WASHINGTON (AFP) - Japan's fifth-ranked Kei Nishikori made history by reaching last year's US Open final and he feels stronger, smarter and more confident as he begins the quest to repeat the feat.
Nishikori opens his hardcourt run to this year's Flushing Meadows fortnight with a first-round match Tuesday against 95th-ranked Australian James Duckworth at the ATP Washington Open.
"My tennis is going a good way. I'm feeling stronger and more confident," Nishikori said. "Looking forward to playing this week."
Nishikori beat top-six rivals Milos Raonic and Stan Wawrinka in five sets and then ousted top-ranked Novak Djokovic to reach last year's US Open final, becoming the first Asian man to reach a Grand Slam singles final.
Croatia's Marin Cilic beat Nishikori in the championship match, but the 25-year-old has renewed confidence that he has what it takes to return to a Grand Slam final and perhaps make more history by winning it.
"The biggest thing was experience - first time in a Grand Slam final, I played five sets twice - I learned a lot of things," Nishikori said. "This year is different. Mentally I got a little stronger. Beating Novak, Stan, top 10 guys, I could believe in myself a little bit more. I was staying tough. I hope I can play good tennis these next few weeks."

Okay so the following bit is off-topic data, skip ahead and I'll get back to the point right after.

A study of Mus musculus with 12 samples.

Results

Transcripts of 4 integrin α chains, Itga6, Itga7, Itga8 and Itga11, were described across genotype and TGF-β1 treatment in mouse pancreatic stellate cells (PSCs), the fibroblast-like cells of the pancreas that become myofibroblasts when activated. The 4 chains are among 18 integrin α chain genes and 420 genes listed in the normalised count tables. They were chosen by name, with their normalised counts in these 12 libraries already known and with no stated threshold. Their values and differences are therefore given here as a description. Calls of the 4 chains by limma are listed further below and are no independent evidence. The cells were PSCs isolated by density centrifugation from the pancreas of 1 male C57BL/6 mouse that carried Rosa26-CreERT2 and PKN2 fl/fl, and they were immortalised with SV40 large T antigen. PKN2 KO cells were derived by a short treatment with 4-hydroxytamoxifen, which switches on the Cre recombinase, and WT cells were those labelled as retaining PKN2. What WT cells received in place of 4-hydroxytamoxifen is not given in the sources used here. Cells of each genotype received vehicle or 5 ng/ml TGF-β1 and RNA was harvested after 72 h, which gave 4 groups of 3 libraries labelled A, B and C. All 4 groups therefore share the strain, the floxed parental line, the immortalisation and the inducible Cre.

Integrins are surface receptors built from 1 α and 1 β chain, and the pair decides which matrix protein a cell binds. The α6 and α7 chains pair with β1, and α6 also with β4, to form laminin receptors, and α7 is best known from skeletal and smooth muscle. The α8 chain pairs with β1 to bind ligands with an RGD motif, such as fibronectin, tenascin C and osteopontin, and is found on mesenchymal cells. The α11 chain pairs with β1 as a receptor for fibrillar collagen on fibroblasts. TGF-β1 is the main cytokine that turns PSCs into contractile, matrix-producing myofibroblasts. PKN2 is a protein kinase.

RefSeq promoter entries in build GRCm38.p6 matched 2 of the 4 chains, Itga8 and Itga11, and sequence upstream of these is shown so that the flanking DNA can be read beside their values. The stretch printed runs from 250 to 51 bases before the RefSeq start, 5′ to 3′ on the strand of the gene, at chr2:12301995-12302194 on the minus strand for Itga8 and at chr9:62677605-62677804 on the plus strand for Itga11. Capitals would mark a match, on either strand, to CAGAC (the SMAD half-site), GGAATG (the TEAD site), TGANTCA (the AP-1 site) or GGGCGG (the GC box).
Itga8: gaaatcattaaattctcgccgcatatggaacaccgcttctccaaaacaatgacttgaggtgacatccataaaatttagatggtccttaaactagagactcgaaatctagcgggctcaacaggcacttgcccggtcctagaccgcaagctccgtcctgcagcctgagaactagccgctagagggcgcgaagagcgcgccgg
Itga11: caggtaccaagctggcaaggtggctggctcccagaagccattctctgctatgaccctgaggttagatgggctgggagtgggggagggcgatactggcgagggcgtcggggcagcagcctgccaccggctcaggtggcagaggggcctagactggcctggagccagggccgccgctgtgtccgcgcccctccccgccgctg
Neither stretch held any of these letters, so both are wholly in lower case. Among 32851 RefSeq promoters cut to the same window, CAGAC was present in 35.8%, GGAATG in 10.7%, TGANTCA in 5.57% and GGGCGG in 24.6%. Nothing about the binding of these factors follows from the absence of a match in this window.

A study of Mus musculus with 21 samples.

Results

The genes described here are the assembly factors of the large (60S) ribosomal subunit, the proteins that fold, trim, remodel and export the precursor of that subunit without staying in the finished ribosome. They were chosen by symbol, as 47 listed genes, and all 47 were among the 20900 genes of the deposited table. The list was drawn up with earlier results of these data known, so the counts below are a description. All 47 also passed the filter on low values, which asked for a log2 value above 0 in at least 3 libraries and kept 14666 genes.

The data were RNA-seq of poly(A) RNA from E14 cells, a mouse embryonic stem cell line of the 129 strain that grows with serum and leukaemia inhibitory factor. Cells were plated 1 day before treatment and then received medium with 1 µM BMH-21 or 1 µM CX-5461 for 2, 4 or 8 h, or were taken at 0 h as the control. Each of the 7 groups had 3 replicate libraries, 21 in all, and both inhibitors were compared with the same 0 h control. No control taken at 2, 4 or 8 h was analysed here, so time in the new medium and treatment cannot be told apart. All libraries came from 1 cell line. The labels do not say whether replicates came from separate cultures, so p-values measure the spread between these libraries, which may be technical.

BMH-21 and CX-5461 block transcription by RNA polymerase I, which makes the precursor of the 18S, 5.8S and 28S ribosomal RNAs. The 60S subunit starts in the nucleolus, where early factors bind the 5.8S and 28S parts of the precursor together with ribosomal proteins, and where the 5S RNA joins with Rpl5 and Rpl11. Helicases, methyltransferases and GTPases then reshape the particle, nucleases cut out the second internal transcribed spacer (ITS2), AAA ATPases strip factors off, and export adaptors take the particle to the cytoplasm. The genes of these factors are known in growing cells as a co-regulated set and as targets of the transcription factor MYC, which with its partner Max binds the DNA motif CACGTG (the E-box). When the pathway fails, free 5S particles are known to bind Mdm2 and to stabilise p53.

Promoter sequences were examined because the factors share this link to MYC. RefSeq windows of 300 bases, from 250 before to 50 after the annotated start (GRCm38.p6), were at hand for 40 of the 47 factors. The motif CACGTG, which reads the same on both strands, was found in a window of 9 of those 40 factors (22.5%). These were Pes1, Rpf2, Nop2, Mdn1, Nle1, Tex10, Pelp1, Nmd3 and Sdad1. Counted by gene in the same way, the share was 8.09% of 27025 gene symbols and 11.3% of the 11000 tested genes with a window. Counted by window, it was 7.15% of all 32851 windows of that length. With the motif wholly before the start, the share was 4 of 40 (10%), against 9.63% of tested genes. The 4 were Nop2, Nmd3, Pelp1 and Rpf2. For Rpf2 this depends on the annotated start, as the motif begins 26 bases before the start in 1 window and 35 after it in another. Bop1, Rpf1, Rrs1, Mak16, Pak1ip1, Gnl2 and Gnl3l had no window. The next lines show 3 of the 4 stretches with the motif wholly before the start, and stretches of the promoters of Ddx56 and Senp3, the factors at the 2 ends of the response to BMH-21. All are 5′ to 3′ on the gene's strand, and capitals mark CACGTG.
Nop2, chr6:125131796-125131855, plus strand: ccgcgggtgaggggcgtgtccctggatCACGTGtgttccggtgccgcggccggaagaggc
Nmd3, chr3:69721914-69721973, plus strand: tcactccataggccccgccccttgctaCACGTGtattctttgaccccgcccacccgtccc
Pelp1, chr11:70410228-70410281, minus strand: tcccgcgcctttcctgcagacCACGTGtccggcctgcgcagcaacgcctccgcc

Even though Rafael Nadal's ranking has slid due to injury, Nishikori sees the top four of Djokovic, Nadal, Roger Federer and Washington top seed Andy Murray as the top of the tennis world for the moment, even though Wawrinka has two Grand Slam titles and he is knocking on the door.
"I hope I can be the next one," Nishikori said. "New players are coming to the top 10 but the top four is still there. Little by little we're coming through. It's good for tennis."
Nishikori, a quarter-finalist at the French and Australian Opens, withdrew from Wimbledon after the second round with a calf injury, but says he is at full strength now.
"I'm feeling pretty well, had a good preparation before coming here, about three weeks," Nishikori said. "I took one week after after Wimbledon. My leg was fine after that."
Nishikori was pleased to see Japanese teen Yoshi Nishioka qualify for Washington and says he sees part of his role as Asian number one as inspiring new generations.
"I hope more Asian players are coming up and I hope I can keep the momentum going," Nishikori said. "I hope I can inspire new dreams the more kids see me."